By Miriam Rixon
The United States Coast Guard Reserve has an 80-year-long history of protecting our nation's waterways and shorelines in times of both conflict and peace. They are a small but mighty U.S. military reserve branch consisting of over 7,000 reservists, or “coasties,” as they like to call themselves. In terms of active duty vs reserve responsibilities, the Coast Guard Reserve is different and does not require a full-time commitment, rather reservists work two days a month and two weeks a year. Here are a few interesting facts about the Coast Guard Reserve.

Power to the People: The Origin of the Coast Guard Reserve


The United States Coast Guard Auxiliary

On February 19, 1941, Congress passed an act that restructured the Coast Guard Reserve. The Coast Guard now has two reserve forces. The USCG Reserve was renamed to become the United States Coast Guard Auxiliary, which continued to carry out the duties of the previous Coast Guard Reserve, and a new military branch was introduced which forms the Coast Guard Reserve as we know it today. 

The Coast Guard Reserve in World War II

More than 92% of the Coast Guard’s 214,000 members who served during the Second World War were Coast Guard reservists

Motto: “Semper Paratus”- Always Ready

The Coast Guard’s motto “Semper Paratus,” had a somewhat mysterious origin. No one knows who or what to credit for its existence.  One theory is that Capt. Francis Saltus Van Boserck, more commonly known as Captain Van, wrote the words to the “Semper Paratus” marching song for the United States Revenue Cutter Service (the Coast Guard’s precursor) in 1922.  Another theory is that The New Orleans Bee referred to the USRC Ingham as “Semper Paratus” after it was the first US warship to engage a Mexican warship in combat in 1836. Regardless of its origin, the motto “Semper Paratus” stands tall, true, and proud in its description of a military branch that is on call 24/7, 365 days a year.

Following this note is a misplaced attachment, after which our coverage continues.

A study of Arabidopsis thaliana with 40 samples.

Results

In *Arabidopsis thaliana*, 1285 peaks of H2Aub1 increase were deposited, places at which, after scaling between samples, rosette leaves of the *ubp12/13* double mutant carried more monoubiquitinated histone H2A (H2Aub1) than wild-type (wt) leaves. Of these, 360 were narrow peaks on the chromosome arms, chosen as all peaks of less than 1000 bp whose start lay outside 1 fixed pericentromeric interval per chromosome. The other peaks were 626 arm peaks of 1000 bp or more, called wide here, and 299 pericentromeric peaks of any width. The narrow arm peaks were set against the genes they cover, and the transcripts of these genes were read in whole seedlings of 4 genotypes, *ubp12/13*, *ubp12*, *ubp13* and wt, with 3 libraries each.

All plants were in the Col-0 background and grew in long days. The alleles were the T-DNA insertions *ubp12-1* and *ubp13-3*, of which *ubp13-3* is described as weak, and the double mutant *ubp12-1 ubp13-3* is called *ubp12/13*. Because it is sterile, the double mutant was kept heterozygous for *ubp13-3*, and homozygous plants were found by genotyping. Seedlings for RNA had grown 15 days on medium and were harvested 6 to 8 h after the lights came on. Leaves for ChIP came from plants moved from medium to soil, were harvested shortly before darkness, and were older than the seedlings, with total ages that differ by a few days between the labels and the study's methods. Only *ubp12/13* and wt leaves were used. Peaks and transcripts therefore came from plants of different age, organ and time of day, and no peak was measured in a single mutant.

The Coast Guard Women’s Reserve ranks were filled with mothers, daughters, sisters, wives, and girlfriends--women who couldn’t sit by waiting for the dreaded telegram.  On November 23, 1942, Congress passed legislation that created another branch of the U.S. Coast Guard, the Coast Guard Women’s Reserve, which allowed for more men to be deployed at sea and more troops on land.  Fun fact: The Coast Guard Women’s Reserve was nicknamed SPARS, which is an abbreviation of the official motto of the United States Coast Guard.  While SPARS was officially disbanded in 1946, the legacy of the women that served and contributed to the war effort lives on and paved the way for future women in the United States Military.

The Coast Guard Reserve Seal

Designed fairly recently in 1991, the seal of the Coast Guard Reserve, while inspired by the Coast Guard Seal, is entirely different.  The seal has classic red, white, and blue colors along with gold which symbolizes achievement and excellence. The seal depicts crossed anchors that support a shield (adapted from the Coast Guard seal) and a sword that symbolizes defense and the reserve’s military heritage.

Coast Guard Reserve Requirements: So How Do You Join The Coast Guard Reserve?

If you’ve been reading this article and thinking, “Wow, I really want to join the Coast Guard Reserve. How do I sign up?”, look no further.  The average Coast Guard Reserve pays $85,672 a year. To be a Coast Guard Reserve officer you have to be a citizen of the United States of America or a resident alien between the ages of 17 to 40. You must have a high school diploma, although GEDs are accepted in certain rare circumstances. You can not have more than three dependents. Along with the above-mentioned qualification criteria, any person applying to join the Coast Guard Reserve must pass the Armed Services Vocational Aptitude Battery (ASVAB) test and a military entrance medical exam.  While the Coast Guard Reserve age limit and the ASVAB test are important criteria you have to meet, the whole person evaluation which considers your attitude, professionalism, physical abilities, and work ethic is equally important and can make or break your application status. So make sure you bring your best self to the interview!